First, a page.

Ellensburg Daily Record – Jul 11, 1955

When you have a choice of plays, do you sometimes arrive at a quick conclusion that it makes no difference which one you choose? Such a conclusion is seldom correct.

Often the advantage of one play over another is hard to see. But it pays to make a good try at diagnosing each situation as it comes up with the thought in mind that your decision WILL make a difference in the final result.

There are problems of this kind peculiar to each of the four posicion at the table. In the following series of articles I want to show you a few problems of the third hand—that is the third player in play to a trick.

Some Advantages

Even at the first trick, third hand has a few advantages the opening leader did not have. He has had a chance to look at the dummy and also to see two cards which have already been played. Of course there is one player (declarer) who will play to the trick after him.E B 1

He must be alert to capitalize on what he can see. He cannot allow best online casino to be careless or to depend on old worn out maxims for his decisions. Look at what happened to Mr. Abel in today»s deal. Mrs. Keen opened a small trump and he automatically played his queen (third hand high, you know). Mr. Dale won, cashed his ace and king of hearts and ruffed a heart on the board.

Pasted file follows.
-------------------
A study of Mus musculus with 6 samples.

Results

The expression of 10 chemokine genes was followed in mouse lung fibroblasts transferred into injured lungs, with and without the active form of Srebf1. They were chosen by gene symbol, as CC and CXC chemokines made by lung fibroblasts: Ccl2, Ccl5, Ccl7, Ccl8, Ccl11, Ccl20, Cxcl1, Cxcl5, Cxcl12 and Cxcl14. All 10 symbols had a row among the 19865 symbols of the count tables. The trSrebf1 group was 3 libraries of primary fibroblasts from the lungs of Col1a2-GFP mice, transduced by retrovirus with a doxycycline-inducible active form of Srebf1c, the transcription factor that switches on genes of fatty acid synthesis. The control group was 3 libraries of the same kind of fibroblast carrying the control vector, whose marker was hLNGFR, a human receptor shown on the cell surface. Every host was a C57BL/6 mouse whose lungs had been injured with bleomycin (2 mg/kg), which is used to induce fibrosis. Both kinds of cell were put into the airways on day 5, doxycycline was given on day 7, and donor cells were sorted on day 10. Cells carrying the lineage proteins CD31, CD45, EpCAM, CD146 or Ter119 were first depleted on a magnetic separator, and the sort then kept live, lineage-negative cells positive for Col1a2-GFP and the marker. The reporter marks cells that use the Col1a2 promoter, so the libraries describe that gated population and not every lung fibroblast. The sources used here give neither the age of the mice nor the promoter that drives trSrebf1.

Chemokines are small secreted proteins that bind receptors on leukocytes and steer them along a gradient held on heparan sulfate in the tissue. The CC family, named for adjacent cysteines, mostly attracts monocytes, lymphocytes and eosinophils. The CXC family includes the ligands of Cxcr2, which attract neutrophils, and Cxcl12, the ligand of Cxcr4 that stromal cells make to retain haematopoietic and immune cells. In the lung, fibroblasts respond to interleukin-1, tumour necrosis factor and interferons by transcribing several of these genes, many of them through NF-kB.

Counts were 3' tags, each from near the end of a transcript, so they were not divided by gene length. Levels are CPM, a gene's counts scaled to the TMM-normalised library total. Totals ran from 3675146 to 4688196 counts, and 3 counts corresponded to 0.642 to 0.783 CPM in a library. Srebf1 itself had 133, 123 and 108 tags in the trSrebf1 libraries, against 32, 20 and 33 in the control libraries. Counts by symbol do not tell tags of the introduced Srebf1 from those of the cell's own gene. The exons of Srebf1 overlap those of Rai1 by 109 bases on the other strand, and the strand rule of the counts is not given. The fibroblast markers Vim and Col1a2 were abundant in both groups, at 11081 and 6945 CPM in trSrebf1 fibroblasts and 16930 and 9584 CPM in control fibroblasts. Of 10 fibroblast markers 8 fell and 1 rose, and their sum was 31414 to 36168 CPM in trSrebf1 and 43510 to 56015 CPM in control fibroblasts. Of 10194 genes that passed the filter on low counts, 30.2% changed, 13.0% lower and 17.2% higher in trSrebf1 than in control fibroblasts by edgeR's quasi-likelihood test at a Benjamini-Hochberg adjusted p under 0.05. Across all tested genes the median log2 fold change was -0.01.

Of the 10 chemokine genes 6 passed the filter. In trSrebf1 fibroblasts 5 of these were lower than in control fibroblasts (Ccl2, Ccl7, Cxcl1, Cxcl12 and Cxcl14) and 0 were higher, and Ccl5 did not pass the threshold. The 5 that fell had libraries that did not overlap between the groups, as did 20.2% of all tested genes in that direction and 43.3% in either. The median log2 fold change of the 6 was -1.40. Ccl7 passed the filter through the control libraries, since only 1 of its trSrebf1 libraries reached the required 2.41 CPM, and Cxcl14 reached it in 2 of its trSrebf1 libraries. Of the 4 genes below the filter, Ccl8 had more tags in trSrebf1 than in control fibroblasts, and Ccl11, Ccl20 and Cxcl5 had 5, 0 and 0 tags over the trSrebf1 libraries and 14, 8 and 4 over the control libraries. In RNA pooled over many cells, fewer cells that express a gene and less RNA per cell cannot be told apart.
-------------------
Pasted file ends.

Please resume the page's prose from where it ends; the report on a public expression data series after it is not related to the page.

No Overruff

He returned to his hand with the ace of clubs and ruffed his last heart. Note that Mr. Abel was powerless to overruff. Getting along much better than  he had expected, Mr. Dole now led a diamond to his king, losing to the ace. A club was returned and he ruffed, picked up the outstanding trumps, cashed the queen of diamonds and made his contract.

He had won two hearts, a diamond, a club and no less than six trump tricks.

What did Mr Abel think he would gain by going up with the queen of spades at trick one? Did he think his partner had led from three trumps to the Jack? Extremely unlikely on the bidding. Did he think he had led from the king doubleton of trumps? Extremely unlikely on ordinary common sense. If he had played small, he could have overruffed dummy on the fourth lead of hearts and after that Mr. Dale would have found the going much too tough to bring in 10 tricks.